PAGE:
WELCOME TO THE AICARDI SYNDROME COMMUNITY: This Patient-To-Patient Community is for discussions relating to Aicardi Syndrome, which is a rare genetic disorder that primarily affects newborn girls, and is often characterized by partial or complete absence of the structure that links the two sides of the brain (corpus callosum), complex seizures and retinal lacunae which are lesions on the retina.
girls. The condition is sporadic, meaning it is not known to pass from parent
to child. (An exception is a report of two sisters and a pair of identical
twins, all of whom were affected.) The mutation that causes Aicardi syndrome
has not been identified. Scientists believe that the gene associated with the
condition is located on the X chromosome because nearly all affected
individuals are female and the only reports of boys having Aicardi syndrome are
in boys born with an extra "X" chromosome. (Females have two X
chromosomes, while males normally have an X and a Y chromosome.) Girls with
Aicardi syndrome often develop seizures prior to three months and most before
one year of age.
Originally, Aicardi syndrome was characterized by three main features: 1) partial or complete absence of the structure (corpus callosum) that links the two halves of the brain (2) complex seizures, generally starting as infantile spasms, and 3) retinal lacunae, lesions on the retina that look like yellowish spots. However, Aicardi syndrome is now known to have a much broader spectrum of abnormalities than was initially described. Not all girls with the condition have the three features described above and many girls have additional features.
Typical findings in the brain of girls with Aicardi syndrome include heterotopias, which are groups of brain cells that, during development, migrated to the wrong area of brain; polymicrogyria or pachygyria, which are numerous small, or too few, brain folds; and cysts, (fluid filled cavities) in the brain. Girls with Aicardi syndrome have varying degrees of mental retardation and developmental delay. Many girls also have developmental abnormalities of their optic nerves and some have microphthalmia (small eyes). Skeletal problems such as absent or abnormal ribs and abnormalities of vertebrae in the spinal column (including hemivertebrae and butterfly vertebrae) have also been reported. Some girls also have skin problems, facial asymmetry, or other characteristic facial features.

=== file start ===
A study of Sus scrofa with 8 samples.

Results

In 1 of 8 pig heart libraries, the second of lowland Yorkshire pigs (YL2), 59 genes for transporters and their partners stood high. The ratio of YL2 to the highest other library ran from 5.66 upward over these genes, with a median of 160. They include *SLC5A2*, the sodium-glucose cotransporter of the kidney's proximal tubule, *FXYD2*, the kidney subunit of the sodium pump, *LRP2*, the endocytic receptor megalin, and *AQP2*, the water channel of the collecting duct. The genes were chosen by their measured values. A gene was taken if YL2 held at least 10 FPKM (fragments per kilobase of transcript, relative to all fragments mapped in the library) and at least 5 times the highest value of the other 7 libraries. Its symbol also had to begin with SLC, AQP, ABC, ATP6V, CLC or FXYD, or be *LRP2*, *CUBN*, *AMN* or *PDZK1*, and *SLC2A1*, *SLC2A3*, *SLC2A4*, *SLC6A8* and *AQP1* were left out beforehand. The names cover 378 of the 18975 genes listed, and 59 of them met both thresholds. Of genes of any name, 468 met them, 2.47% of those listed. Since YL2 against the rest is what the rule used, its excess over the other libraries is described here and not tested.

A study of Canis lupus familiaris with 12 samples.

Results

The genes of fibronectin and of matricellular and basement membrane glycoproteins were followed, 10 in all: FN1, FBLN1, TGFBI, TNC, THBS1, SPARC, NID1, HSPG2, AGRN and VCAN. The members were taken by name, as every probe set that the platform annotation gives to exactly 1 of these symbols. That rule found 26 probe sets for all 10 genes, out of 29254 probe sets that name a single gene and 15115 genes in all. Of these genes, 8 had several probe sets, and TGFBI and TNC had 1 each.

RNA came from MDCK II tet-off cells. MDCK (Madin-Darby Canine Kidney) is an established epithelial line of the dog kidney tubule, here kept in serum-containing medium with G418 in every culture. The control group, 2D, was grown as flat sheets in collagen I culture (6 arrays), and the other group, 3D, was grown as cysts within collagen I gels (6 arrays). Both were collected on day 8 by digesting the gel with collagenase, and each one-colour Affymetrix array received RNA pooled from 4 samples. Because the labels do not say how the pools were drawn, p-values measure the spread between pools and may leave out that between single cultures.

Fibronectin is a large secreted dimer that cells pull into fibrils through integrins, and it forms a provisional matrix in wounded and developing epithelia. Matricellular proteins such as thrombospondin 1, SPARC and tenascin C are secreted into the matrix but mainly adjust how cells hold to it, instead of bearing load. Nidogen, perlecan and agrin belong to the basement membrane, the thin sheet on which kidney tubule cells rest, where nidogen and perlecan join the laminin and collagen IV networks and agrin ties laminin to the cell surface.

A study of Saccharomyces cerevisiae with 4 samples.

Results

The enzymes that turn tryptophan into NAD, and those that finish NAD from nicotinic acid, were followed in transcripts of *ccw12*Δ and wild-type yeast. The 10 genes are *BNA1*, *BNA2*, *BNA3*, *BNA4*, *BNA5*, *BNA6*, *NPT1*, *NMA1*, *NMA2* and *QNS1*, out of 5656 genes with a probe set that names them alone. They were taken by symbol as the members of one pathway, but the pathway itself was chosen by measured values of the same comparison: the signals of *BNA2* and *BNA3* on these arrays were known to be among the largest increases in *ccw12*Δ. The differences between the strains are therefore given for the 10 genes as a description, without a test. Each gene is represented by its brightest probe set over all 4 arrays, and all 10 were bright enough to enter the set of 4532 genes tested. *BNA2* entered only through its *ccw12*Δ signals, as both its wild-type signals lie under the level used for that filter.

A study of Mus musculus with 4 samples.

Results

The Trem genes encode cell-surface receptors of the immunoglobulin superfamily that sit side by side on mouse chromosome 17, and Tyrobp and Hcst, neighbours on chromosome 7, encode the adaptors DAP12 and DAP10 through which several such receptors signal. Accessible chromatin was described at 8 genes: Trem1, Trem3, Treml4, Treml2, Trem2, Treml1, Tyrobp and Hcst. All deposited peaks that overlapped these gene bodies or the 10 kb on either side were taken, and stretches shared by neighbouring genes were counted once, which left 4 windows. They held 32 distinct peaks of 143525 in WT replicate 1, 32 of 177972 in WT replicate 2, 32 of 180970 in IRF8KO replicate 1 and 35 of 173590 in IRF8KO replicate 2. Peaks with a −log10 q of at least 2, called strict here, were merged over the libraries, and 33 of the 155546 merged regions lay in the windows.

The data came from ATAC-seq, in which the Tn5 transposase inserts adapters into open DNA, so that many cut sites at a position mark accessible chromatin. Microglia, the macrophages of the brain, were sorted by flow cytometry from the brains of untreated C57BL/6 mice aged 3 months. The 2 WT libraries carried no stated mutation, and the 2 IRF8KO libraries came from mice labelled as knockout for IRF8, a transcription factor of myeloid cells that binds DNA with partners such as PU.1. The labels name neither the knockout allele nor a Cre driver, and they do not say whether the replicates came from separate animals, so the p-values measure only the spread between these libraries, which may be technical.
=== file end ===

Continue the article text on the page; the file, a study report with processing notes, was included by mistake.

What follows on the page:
(Aicardi syndrome is distinct from Aicardi-Goutieres syndrome, which is an inherited encephalopathy that affects newborn infants.)
There is no cure for Aicardi syndrome nor is there a standard course of treatment. Treatment generally involves medical management of seizures and programs to help parents and children cope with developmental delays. Long-term management by a pediatric neurologist with expertise in the management of infantile spasms is recommended.
The prognosis for girls with Aicardi syndrome varies according to the severity of their symptoms. There is an increased risk for death in childhood and adolescence, but survivors into adulthood have been described.
The NINDS supports and conducts research on neurogenetic disorders such as
Aicardi syndrome. The goals of this research are to locate and understand the
genes involved and to develop techniques to diagnose, treat, prevent, and
ultimately cure disorders such as Aicardi syndrome.
Source: Information provided courtesy of the National Institute of Neurological Disorders and Stroke (NINDS), a division of the National Institutes of Health (NIH).
NINDS health-related material is provided for information purposes only and does not necessarily represent endorsement by or an official position of the National Institute of Neurological Disorders and Stroke or any other Federal agency. Advice on the treatment or care of an individual patient should be obtained through consultation with a physician who has examined that patient or is familiar with that patient's medical history.